When I first began working with the problem-solving philosophy, my director advised me to "never turn your back on a child." My first reaction was that maybe the child would attack me from behind, but I soon leaned that she was teaching me my first lesson in supervision. When we give freedom and responsibility to kids, we, as teachers, must always be vigilant and ready to respond to any situation.
The foundation for a problem-solving program is effective supervision. Although the goal of such a program is to teach children the skills they need for independence, freedom of expression, and acceptance of responsibility, one issue must take precedence over all others. That issue is safety. Of course, children can be kept safe, but the challenge is to keep them safe and free at the same time.
Children can’t develop normally in a totally risk-free environment. They must exercise their curiosity, experience their senses, test their bodies, and approach their world in countless ways. For this, they need an enriched environment filled with possibilities for experimenting and learning. In this environment there is also need for an adult who is alert, caring, and committed to helping children stay safe. This atmosphere of freedom and safety can only be accomplished through effective supervision.
Along with individuals who supervise effectively, a program needs a structure that enables effective supervision. When one teacher is alone in a room with young children, especially toddlers, she cannot safely watch all children at all times. Every time she changes a diaper, prepares a bottle, or facilitates a conflict, she takes her attention from the group. This leads to more biting, fighting, and general chaos.
I urge every program to reorganize so that there can be one person, a coordinator, in each area whose job is to change diapers, arrange rooms for meals and naps, and generally direct the flow of traffic. This frees teachers to directly supervise the kids. This job can rotate or alternate so that no one has to perform these duties every day. With the same number of staff, you can provide a safer environment.
Position, Circulate, Affirm
Pretend you are giving a party. As host, how do you make your guests feel welcome and make your party a success? Even more than the food and music, the most important ingredient in your party is you. You will position yourself so that you can see everyone in the room and be ready to help any guest who is in need. You will circulate around the room to make contact with all your guests, so each is special and you’re glad they came. If there is a problem, you will deal with it warmly and respectfully. This is how we treat guests. These same guidelines apply to supervising children.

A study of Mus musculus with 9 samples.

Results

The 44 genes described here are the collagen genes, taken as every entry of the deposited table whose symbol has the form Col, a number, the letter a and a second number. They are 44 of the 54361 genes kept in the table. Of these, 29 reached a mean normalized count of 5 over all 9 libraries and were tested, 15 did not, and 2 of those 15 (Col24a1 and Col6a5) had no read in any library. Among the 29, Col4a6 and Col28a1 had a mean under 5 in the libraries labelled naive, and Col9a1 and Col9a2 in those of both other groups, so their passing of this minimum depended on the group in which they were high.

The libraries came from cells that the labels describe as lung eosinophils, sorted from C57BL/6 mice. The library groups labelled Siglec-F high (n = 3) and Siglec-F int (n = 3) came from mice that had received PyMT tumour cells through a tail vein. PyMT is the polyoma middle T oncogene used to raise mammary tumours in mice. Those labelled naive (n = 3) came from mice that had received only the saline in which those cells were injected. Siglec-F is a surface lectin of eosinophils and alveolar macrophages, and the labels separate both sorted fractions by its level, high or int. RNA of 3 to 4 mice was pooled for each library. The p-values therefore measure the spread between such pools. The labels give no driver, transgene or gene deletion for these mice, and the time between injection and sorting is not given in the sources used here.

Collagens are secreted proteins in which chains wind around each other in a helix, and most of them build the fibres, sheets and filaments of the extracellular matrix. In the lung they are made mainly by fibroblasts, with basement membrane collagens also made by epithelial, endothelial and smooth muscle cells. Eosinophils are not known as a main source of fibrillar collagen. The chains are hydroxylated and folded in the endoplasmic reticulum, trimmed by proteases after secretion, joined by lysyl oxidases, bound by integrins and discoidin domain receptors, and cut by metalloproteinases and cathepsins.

Positioning: Your position as you watch children is extremely important. Depending on the shape of the room, the number of children, and whether you are the only teacher, stand, kneel, or squat where you can see everyone at the same time. Be aware of which areas are trouble spots. For instance, you may want to stay close to the easel when it’s in use, or near the puzzle area where there are lots of pieces, or close to an indoor climber. If a particular child is a biter you will want to stay near that child. Avoid turning your back to anyone; a conflict between children can occur at any time without warning.
Circulating: If there is more than one teacher with a group, it may be tempting for teachers to huddle together and socialize. This happens frequently on playgrounds, where safety may be the greatest issue. Teachers should always be alert and concentrate on the kids. You can accomplish this by moving among the kids, still positioning yourself to see very child. It’s almost like a dance, where every step counts. In time, circulating becomes second nature and you won’t even have to think about it.
Affirming: As you circulate, it is natural to make contact with every child. This is when you can say a word, smile, or gently touch the children in your care. Give them positive messages, reinforce the kind of behavior you appreciate, notice the child who is playing alone, give recognition to each, and narrate what you see them doing. Affirmations are an important part of supervision because children behave more appropriately when they feel important.
If there is a problem, such as a child forgetting to put away toys or a conflict between kids, treat children as you would your guests, with warmth and respect. Set limits firmly to teach responsibility, but always remember that our role is to teach children the skills they need to get their needs met appropriately. This is the essence of effective supervision.
Eleanor Reynolds is the editor of The Best of the Problem-Solver: Articles for Parents and Teachers and the author of Guiding Young Children: A Problem-Solving Approach. She can be reached by email at firstname.lastname@example.org.